Calcium, in addition to being an integral part of your bones, is extremely important in cellular signaling as well. For example, when your muscles contract, calcium is the ‘messenger’ which relays that message from your neurons to the muscle fibers. Without enough calcium in the blood, many vital functions would begin to suffer! For this reason, our body needs to keep blood calcium at a certain level, and uses another regulator of calcium to do this: the parathyroid hormone (PTH).
Whereas Vitamin D works to increase calcium available from the diet, PTH is only concerned with whether there is enough calcium in the blood for the body to function properly. If there is not enough calcium, PTH helps our body take extra calcium from the bones, increasing bone density loss. For our immediate health, having adequate levels of blood calcium is more important than having dense bones, even though the ultimate result can be bones which are brittle and easily broken.
Vitamin D works antagonistically to PTH because vitamin D keeps our blood calcium levels high from food intake, meaning PTH doesn’t need to take calcium from the bones. A vitamin D deficiency can lead to a condition called secondary hyperparathyroidism, which means that too much PTH is being secreted, leading to even greater bone loss. Thus, vitamin D is crucial to the health of our bones for two closely related reasons:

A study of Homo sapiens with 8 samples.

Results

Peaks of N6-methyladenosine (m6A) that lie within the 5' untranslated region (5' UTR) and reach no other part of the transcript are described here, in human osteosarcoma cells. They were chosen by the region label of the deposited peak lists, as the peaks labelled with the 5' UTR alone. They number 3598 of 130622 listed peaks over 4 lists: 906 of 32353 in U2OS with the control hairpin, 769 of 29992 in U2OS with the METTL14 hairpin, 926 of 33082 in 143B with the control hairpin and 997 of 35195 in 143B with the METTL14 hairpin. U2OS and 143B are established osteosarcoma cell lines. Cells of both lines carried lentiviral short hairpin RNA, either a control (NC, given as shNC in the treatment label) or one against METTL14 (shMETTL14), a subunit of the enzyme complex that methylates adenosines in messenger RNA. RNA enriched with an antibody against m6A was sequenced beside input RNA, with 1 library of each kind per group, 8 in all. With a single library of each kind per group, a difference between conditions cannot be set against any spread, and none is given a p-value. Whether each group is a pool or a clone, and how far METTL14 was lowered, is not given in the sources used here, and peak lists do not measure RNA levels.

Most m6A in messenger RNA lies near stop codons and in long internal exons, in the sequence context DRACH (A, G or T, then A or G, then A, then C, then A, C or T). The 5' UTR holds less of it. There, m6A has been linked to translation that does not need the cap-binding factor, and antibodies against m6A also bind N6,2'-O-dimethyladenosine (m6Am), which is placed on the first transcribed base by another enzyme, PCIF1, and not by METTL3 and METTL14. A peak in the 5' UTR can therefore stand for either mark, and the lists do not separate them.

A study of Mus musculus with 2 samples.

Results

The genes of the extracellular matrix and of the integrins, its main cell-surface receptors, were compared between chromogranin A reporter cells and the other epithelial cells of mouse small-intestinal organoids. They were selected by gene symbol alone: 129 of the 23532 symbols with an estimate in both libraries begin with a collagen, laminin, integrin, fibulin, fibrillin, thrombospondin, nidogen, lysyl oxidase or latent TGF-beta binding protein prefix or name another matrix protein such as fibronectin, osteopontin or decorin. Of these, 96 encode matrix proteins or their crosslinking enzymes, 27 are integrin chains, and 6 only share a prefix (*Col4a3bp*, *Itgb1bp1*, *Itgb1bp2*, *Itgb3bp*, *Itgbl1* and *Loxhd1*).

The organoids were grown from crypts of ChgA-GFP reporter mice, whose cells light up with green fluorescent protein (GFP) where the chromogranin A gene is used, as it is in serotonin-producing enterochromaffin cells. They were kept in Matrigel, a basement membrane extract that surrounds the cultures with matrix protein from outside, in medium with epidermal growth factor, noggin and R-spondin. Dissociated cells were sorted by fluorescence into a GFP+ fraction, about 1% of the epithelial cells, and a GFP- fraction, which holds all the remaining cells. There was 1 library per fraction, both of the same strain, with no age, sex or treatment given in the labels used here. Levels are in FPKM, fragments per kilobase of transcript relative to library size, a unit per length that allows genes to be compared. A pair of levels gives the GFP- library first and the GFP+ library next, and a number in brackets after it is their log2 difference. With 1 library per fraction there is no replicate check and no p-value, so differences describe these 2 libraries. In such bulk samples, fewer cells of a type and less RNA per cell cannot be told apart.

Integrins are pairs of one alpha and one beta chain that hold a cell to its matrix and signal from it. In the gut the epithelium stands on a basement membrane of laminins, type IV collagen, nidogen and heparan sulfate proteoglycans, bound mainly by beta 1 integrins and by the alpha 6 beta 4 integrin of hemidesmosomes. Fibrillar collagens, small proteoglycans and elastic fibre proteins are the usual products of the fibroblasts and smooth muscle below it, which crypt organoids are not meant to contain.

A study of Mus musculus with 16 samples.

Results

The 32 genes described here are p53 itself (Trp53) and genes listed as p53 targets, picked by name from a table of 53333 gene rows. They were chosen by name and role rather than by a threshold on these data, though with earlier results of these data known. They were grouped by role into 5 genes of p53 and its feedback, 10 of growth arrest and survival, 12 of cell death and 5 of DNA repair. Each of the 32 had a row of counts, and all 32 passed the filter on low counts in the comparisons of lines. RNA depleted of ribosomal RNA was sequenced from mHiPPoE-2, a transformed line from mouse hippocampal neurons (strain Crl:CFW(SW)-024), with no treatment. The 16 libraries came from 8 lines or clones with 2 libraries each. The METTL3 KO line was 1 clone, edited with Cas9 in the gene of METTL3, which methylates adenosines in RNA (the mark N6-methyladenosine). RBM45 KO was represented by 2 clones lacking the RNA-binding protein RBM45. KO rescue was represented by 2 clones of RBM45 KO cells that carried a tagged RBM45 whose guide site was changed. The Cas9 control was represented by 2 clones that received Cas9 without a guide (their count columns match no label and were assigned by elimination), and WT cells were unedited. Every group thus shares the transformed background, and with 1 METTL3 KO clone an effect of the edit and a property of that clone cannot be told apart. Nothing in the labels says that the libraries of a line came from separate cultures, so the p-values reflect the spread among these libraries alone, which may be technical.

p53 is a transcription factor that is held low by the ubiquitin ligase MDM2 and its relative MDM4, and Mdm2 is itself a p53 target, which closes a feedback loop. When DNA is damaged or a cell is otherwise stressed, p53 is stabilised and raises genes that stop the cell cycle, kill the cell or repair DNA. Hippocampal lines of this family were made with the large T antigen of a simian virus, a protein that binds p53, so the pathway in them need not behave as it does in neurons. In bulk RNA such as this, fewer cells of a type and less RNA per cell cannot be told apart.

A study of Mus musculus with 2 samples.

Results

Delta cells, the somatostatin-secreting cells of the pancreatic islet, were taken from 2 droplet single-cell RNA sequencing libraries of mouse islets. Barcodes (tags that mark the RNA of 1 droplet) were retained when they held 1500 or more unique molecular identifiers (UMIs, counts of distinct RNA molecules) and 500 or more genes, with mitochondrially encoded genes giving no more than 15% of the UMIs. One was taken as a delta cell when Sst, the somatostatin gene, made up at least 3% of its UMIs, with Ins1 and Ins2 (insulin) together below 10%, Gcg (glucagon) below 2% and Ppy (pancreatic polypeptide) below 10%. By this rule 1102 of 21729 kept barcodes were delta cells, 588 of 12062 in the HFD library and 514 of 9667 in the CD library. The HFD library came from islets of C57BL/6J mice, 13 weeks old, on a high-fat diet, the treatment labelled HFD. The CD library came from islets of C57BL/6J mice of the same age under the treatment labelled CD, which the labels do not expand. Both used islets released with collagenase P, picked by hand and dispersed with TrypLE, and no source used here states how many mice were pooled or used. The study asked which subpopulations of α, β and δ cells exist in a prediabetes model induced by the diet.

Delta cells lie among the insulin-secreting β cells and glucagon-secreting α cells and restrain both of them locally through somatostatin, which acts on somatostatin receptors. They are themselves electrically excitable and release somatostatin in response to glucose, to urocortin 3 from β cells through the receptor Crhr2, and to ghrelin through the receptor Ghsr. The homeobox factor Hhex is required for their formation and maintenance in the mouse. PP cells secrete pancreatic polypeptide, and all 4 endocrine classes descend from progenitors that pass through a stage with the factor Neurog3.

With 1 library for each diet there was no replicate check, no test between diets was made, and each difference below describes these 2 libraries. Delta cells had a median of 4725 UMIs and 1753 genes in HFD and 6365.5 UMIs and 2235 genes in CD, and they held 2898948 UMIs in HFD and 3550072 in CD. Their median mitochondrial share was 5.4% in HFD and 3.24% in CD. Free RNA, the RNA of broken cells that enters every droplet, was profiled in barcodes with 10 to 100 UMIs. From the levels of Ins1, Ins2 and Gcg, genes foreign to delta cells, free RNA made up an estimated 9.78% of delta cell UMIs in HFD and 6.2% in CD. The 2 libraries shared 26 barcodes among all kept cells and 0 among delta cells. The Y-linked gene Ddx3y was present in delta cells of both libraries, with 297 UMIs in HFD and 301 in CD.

1) Adequate levels of vitamin D increase the amount of calcium available from food, building bones up.
2) Inadequate levels of vitamin D increase the amount of PTH in our blood, breaking bones down.
There is also a third way in which vitamin D affects the health of our bones: VDRs are located in special bone cells called osteoblasts, and adequate vitamin D levels accelerate the formation of the bone mineral-matrix. While other factors also contribute to the formation of bones, without sufficient levels of vitamin D, the rate of bone formation is significantly decreased. This also makes vitamin D much more important in building strong bones than calcium, as no matter how much calcium you consume, it cannot accelerate the rate of bone formation like vitamin D does.
It is simplistic to reduce vitamin D to an either/or state, but that is the truth of it. All other factors aside, you can either be vitamin D sufficient, and be building bones, or you can be insufficient/deficient, and breaking bones down. There is no middle-ground.